One of the pioneers in crafting Android devices, Taiwanese handset maker HTC made its design presence felt with the stylish HTC One last year.
Its unibody aluminium frame was a departure from the plastic chassis that many phone makers preferred. HTC also put in dual front-facing speakers, a larger image sensor in its camera and a full high-definition display.
The successor to the original, the One (M8) keeps many of the original's features. It also packs in novel ones not found in any other smartphone in the market, including a dual-tone flash.
A few of its unique features:
The Duo Camera supports two lenses. Located directly above the primary lens, the secondary lens uses a 2 megapixel depth-of-field sensor that adds additional background and foreground depth details in the default image.
This lets the user manipulate the photo and refocus the image after it has been shot, so that objects in the background and foreground can be placed in focus.
Filters enable users to copy and paste objects from one photo to another, create a parallax effect in a photo and alter background details in a picture.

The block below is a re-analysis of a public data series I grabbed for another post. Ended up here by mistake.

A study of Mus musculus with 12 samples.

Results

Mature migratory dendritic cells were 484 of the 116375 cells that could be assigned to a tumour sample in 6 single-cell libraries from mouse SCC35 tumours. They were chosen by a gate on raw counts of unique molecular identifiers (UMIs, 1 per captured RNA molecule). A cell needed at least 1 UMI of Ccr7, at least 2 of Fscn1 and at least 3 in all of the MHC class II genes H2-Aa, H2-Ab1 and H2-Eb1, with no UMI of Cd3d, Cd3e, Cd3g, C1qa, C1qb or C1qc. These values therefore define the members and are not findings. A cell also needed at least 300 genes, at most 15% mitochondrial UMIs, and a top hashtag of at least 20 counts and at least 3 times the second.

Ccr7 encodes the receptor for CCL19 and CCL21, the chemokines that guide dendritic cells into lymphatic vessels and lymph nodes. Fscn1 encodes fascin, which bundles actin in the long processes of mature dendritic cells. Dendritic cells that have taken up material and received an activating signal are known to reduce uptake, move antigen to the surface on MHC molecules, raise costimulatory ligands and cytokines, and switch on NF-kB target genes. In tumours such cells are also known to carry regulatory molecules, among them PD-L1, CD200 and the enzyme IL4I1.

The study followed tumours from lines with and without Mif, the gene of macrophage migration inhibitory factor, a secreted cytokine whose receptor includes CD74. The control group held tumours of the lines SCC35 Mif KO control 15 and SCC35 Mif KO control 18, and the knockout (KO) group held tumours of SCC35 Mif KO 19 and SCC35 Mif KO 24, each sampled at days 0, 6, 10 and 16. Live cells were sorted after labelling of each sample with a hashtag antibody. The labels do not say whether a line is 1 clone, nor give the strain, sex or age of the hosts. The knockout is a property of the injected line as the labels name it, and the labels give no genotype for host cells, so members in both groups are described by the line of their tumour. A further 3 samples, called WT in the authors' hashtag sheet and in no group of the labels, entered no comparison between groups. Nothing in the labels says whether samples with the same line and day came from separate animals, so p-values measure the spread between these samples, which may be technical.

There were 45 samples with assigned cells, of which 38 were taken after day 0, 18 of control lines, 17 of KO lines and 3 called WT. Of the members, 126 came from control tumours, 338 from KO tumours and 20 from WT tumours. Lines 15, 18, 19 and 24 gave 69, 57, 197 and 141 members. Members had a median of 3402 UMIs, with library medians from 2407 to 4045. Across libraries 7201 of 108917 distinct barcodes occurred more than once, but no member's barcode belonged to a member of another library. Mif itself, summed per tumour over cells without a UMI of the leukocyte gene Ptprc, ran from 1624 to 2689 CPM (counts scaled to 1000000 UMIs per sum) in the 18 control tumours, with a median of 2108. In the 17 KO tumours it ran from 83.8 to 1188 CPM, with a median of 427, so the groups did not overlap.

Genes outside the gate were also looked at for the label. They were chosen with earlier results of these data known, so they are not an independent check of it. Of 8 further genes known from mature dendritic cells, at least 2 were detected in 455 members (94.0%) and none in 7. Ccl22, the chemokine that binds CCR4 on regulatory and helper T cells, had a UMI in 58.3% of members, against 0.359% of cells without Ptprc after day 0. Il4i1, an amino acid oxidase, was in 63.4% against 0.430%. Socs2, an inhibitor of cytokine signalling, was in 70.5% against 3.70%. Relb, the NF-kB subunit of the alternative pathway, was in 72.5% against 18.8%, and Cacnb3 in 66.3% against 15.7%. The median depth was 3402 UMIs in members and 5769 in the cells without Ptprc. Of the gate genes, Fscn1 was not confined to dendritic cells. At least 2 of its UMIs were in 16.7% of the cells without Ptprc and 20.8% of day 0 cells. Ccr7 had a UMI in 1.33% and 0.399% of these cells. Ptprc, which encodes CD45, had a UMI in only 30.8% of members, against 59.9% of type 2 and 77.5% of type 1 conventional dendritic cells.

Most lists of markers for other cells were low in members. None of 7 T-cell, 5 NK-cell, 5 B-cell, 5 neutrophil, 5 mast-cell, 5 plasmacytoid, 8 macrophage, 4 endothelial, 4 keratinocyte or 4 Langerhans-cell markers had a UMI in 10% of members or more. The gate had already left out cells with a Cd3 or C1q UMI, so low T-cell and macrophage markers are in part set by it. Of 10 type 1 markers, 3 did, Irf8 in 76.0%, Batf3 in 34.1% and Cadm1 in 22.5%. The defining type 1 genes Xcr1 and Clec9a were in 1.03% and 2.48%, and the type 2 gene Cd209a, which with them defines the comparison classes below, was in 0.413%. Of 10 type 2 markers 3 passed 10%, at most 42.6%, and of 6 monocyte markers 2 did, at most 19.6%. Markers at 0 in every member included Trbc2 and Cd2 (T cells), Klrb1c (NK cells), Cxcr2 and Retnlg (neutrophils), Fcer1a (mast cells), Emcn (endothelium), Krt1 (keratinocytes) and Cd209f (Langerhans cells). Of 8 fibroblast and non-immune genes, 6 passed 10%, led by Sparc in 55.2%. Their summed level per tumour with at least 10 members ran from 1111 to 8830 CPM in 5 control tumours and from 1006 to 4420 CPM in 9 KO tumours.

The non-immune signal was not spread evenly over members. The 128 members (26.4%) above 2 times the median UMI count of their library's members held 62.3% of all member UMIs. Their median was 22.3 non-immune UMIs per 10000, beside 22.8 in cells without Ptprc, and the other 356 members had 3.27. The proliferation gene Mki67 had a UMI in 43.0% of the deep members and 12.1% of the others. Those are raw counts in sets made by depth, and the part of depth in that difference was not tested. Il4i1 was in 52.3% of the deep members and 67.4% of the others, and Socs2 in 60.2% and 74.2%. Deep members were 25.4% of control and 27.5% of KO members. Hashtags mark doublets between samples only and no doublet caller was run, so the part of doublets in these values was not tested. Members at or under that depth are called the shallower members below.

Some other recent flagship devices also offer a refocus feature, but the One (M8) achieves this with hardware.
It is also the only phone that has this in its default settings - that is, it does not have to be turned on.
Many smartphone front cameras come with a 2MP lens. HTC has crafted the ultimate selfie camera by packing a 5MP camera on the front.
Aside from creating a slimming effect, the wide-angle lens also allows more people to squeeze into a selfie.
The One (M8) offers gesture controls. You wake the phone by double-tapping the screen. You navigate to various menus by swiping a finger inwards from the edge of the display.
A wraparound cover may protect your device from knocks and spills, but it can also interfere with usability, as you have to keep flipping the flap to view the screen.
HTC's Dot View offers the best of both worlds. The perforated front cover protects the display, but also has tiny holes that allow you to see a stripped-down display specially created for the cover.
Users can view the time, date and weather, and even swipe on the cover - not the screen - to answer calls.
This article was published on May 7 in Digital Life, The Straits Times.